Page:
As indicted state Auditor Troy Kelley took his leave on Monday to fight federal charges, stand-in Jan Jutte also released legal guidance the Auditor’s Office received on how an elected statewide official could step away from his job.
OLYMPIA — It didn’t take long Monday for Jan Jutte to make her mark on the state Auditor’s Office.
Jutte — the veteran employee tasked as caretaker for indicted Auditor Troy Kelley as he began his leave of absence — released the legal guidance regarding how a statewide elected official could take a leave.
Jutte also ended the employment of Jason Jerue, the former business associate of Kelley’s whom the auditor helped hire part time in the office, according to Thomas Shapley, spokesman for the office.
The actions were made public within minutes of Jutte taking over Kelley’s responsibilities Monday afternoon as he took leave to fight the 10 federal charges of lying and tax evasion related to a former real-estate records-tracking business he owned.
The legal guidance from the state Attorney General’s Office addresses questions on whether Kelley can be paid and what happens to his benefits, but not whether someone else can assume the authority of a statewide elected official.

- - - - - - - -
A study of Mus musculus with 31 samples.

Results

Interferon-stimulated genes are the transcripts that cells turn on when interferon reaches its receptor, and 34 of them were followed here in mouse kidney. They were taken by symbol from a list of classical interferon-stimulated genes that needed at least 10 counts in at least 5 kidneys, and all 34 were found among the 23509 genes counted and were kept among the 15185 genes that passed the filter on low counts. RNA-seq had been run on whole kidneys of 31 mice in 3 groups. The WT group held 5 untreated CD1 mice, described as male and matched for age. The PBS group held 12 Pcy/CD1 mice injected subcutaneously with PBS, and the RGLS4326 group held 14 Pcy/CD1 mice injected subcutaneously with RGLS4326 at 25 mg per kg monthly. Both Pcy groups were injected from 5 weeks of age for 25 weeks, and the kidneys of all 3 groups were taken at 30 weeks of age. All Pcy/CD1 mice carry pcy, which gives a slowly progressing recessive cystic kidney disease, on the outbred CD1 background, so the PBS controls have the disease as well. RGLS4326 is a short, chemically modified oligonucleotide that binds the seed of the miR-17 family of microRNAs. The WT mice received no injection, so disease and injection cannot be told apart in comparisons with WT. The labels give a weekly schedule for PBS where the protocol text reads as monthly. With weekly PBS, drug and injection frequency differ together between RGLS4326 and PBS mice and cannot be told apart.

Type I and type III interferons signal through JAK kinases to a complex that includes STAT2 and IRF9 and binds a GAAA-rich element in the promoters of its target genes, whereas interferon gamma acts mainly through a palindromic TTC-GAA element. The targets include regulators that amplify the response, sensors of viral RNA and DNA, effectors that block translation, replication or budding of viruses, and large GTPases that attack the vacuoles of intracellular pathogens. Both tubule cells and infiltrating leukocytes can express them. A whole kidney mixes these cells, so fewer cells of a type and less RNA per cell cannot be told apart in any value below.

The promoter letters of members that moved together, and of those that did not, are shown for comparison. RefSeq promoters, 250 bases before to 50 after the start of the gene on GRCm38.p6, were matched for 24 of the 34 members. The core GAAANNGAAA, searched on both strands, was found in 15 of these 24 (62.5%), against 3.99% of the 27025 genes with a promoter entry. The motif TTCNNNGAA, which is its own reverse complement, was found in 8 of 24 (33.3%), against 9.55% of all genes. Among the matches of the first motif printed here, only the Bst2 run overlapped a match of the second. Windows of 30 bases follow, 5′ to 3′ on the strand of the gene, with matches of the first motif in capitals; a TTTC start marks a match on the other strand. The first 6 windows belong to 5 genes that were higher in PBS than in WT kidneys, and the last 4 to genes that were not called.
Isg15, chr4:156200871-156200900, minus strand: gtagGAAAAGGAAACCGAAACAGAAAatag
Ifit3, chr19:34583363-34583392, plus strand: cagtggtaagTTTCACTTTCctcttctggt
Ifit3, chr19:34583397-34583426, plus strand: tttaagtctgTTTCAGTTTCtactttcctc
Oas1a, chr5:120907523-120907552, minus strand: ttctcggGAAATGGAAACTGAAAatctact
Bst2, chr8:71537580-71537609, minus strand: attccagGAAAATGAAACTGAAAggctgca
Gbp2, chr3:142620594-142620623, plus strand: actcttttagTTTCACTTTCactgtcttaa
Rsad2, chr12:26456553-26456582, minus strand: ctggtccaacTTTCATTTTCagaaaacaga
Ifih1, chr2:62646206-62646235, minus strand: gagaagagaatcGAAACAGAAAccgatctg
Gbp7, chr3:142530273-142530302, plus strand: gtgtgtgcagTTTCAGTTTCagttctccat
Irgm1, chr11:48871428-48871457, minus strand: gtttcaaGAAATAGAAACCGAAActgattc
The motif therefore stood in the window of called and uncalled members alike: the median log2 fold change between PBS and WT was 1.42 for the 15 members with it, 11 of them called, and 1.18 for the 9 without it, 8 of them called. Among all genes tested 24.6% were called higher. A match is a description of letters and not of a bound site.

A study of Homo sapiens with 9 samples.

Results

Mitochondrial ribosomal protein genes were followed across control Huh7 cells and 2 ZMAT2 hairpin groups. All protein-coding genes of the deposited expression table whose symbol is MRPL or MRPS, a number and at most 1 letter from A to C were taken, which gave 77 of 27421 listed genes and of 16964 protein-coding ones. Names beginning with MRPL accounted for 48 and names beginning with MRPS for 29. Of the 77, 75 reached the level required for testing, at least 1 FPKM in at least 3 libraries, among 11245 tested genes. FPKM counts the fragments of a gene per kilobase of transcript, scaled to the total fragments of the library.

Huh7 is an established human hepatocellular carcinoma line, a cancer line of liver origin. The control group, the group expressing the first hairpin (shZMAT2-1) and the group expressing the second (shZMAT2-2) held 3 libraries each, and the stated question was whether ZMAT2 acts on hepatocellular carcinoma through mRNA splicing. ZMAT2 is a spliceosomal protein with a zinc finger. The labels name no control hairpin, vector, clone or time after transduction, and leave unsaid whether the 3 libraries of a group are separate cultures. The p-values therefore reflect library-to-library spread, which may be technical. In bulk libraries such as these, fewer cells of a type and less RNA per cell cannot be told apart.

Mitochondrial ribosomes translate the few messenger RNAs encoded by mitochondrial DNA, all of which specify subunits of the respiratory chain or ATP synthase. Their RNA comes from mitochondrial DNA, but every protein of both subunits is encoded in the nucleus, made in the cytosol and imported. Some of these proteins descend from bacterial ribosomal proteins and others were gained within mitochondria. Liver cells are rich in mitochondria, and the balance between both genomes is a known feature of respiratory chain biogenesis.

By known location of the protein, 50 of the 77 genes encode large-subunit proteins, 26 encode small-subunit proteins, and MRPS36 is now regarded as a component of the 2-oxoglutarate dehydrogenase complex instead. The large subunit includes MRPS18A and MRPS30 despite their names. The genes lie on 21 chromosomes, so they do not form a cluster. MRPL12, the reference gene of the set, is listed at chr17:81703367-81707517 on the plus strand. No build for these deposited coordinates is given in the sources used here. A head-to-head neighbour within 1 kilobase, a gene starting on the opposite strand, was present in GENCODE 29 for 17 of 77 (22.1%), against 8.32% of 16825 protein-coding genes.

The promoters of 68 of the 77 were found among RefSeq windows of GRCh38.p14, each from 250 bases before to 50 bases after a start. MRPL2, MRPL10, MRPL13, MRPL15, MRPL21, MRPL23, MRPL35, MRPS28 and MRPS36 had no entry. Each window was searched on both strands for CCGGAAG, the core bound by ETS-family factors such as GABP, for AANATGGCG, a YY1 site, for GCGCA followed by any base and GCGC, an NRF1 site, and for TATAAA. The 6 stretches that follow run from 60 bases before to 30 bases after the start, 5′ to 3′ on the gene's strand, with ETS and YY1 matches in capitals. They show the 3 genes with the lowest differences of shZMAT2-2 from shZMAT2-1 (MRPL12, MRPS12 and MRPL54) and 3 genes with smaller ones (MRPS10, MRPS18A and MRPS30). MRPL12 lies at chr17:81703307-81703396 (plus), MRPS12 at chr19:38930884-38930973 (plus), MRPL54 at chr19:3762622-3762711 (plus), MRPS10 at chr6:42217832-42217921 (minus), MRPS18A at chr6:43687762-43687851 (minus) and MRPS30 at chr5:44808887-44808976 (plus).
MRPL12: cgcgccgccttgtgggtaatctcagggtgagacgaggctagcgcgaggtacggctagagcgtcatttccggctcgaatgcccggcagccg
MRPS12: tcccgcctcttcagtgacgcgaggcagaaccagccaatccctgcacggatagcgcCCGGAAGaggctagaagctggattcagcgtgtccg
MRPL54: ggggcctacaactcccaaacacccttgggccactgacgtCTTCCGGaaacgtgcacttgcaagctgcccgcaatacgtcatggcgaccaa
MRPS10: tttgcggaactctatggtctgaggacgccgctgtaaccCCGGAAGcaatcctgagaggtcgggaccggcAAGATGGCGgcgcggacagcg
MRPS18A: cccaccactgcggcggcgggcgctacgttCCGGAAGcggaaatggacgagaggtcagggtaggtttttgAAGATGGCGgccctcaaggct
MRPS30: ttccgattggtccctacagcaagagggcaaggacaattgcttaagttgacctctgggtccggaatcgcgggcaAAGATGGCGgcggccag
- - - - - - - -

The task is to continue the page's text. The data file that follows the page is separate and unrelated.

“Common sense suggests that because the Auditor will be voluntarily and completely removing himself from the duties of his office, the state should have no obligation to compensate him during that leave,” according to the AG’s guidance. That analysis, however, is “somewhat uncertain” because no case law has addressed the question, the guidance says.
When they met last week, Jutte and Gov. Jay Inslee spoke about whether to fire Jerue, according to David Postman, communications director for the governor.
“The governor totally agrees with the decision in regards to Jerue,” Postman wrote in an email, adding later: “Ms. Jutte is certainly showing herself to be an independent and bold leader.”
It’s unclear whether Kelley will be using state health insurance during May. Taking leave on May 4 — rather than the afternoon of May 1 — allowed him to accrue eight hours and thus made him eligible for such benefits.
But Kelley’s original intent was to transition off state health insurance, according to Mark Firmani, Kelley’s personal spokesman. Firmani said Monday that he didn’t know whether that had happened.
Kelley had no comment on Jerue’s dismissal, Firmani said.
Other changes became apparent Monday as well, as Kelley’s photo and biographical page were removed from the Auditor’s Office website. A biographical page for Jutte replaced it, with the title Acting State Auditor.